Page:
26 Blessed is he who comes in the name of the Lord!
We bless you from the house of the Lord.
27 The Lord is God,
and he has made his light to shine upon us.
Bind the festal sacrifice with cords,
up to the horns of the altar!
28 You are my God, and I will give thanks to you;
you are my God; I will extol you.
29 Oh give thanks to the Lord, for he is good;
for his steadfast love endures forever.
(Psalms 118:26-29 ESV)
My father and I were sitting in a hotel room in Roswell, New Mexico, during our visit for his mother’s funeral. He was a religious man, a faithful man once, my father, but no longer. Not since college, when he first began to doubt the goodness of God.
Not since Vietnam, when he met the horror human beings could inflict upon each other face to face.
“I don’t understand why Jesus had to die so that we could be saved,” he confessed, almost in a sigh.
It’s an old question — one always willed into existence when we talk of God’s need for a sacrifice to mitigate sin. For many Christians, the death of Christ is a matter of god taking out God’s anger upon God’s incarnate self so that somehow, the books can be balanced and the world can be forgiven.
I looked at my dad.
“That’s the wrong way to think about it,” I said. “Consider the possibility that Christ came forgiving sins and we couldn’t stand it. So much so, we killed him for it. And God gave in to us, to our fear and our violence, the worst we can do, to show us that the death we deal has no power, and that it is not the final answer. Love is bigger than death.”
My dad was silent for a moment. A serious, thoughtful silence.
“I’m going to have to think about that.”
I don’t know if my father has or not. As long as I have known him, he has never been a believer, and I’m not out to “save his soul.” He is baptized, and bears the Cross of Christ already on his body. I am confident of his salvation, whatever he believes.
I look at today’s psalm fragment and I see words we will hear again on Palm Sunday when Jesus and his disciples enter Jerusalem in heady triumph — “Blessed in he who comes in the name of the Lord!” Welcome to the light of the world, the light that shines in the darkness and is not overcome by it!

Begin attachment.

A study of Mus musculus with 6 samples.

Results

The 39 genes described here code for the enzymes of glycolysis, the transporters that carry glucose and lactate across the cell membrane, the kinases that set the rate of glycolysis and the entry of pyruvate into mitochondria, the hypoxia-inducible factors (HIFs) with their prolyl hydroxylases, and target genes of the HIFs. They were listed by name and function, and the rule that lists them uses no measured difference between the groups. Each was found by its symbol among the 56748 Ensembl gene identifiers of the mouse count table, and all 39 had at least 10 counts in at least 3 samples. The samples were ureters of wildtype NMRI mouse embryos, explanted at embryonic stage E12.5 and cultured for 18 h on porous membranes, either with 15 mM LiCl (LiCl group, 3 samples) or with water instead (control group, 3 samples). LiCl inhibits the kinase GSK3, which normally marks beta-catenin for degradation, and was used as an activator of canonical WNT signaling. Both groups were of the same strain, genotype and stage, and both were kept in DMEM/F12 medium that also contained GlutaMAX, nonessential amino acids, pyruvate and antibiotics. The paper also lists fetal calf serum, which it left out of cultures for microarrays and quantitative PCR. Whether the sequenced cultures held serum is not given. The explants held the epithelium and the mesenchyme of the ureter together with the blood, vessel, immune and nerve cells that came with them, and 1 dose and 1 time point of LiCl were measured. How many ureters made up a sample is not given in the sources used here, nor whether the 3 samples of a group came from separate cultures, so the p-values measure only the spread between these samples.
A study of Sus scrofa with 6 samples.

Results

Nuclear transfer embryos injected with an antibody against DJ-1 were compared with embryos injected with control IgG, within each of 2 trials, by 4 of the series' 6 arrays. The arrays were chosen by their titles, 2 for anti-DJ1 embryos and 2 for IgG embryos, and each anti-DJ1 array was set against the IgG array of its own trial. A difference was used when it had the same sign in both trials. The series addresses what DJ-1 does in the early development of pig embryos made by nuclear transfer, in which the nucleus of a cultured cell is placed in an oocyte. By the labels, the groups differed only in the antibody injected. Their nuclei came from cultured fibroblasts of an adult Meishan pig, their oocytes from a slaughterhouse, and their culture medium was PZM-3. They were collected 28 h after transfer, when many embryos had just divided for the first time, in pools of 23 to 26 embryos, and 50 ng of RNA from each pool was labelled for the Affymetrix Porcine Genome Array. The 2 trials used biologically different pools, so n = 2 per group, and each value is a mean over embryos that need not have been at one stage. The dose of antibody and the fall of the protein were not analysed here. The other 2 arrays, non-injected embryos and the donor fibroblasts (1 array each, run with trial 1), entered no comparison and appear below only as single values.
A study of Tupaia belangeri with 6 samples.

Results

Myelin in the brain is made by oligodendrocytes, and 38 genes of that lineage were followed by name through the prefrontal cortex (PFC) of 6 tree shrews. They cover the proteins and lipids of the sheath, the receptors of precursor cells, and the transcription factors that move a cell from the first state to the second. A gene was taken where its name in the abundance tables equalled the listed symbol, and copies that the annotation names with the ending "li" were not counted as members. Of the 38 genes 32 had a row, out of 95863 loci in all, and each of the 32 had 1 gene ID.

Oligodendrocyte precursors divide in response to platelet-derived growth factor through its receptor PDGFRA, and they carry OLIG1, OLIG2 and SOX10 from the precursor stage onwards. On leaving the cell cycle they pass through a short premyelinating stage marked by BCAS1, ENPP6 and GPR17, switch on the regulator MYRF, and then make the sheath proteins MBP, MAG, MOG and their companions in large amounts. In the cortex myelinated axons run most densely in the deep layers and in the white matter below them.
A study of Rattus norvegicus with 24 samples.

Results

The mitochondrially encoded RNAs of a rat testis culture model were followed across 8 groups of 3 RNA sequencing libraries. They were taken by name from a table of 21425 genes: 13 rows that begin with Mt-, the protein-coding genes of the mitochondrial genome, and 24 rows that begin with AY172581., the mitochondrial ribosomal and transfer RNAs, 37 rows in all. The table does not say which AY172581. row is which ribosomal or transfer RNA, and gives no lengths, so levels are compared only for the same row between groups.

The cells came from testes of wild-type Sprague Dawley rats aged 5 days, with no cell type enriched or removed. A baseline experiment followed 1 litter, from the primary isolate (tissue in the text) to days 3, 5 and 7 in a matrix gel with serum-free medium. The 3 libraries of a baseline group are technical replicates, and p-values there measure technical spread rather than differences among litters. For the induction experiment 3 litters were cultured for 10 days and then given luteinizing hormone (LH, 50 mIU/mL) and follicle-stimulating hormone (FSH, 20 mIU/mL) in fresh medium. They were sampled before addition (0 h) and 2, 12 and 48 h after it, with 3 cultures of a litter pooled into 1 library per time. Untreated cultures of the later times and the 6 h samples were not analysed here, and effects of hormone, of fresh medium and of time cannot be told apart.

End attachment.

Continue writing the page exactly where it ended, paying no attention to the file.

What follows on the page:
Martin Luther considered the psalms to be the prayers of Jesus. And what a prayer this is! A prayer of overcoming, a prayer of triumph over enemies that surround. A prayer of thanksgiving! The victory of our God over our enemies, our occupiers, those who regularly humiliate and destroy us, is at hand!
Bind the festal sacrifice with cords; up to the horns of the altar!
What if Jesus is a sacrifice? But instead of being God’s sacrifice for sin, somehow, he is ours? A misguided sacrifice given with our own hands, out of fear that he will actually deliver us? That in proclaiming good news, he already has redeemed and delivered us, and we don’t want a redemption that looks like Jesus. That looks like his kingdom. In the Gospel of John, Caiaphas the high priest tells his colleagues as they discuss the mighty works of Jesus and their fear the people will make him king and start a war with Rome that Israel cannot win:
Nor do you understand that it is better for you that one man should die for the people, not that the whole nation should perish. (John 11:50 ESV)
We always forget, when we speak of Jesus as a sacrifice for sin, whose hands do the sacrificing — ours. We have bound him out of fear, fear that he will change everything, fear that he puts the careful order of the world at risk. We offer him up, in hopes that his death will silence the hope for salvation, will end the possibility of redemption, will prove all his talk of rising from the dead a hollow and fraudulent boast.
And here is Jesus, praying for this. Bind the sacrifice, nail him to the cross!
For this, he gives thanks to the Lord.
So do I. On this road to Jerusalem with Jesus, as we walk, doing miracles and casting out demons, preaching good news as we slowly work our way to that day when he shall show us what God’s glory really looks like, I will give thanks to the Lord.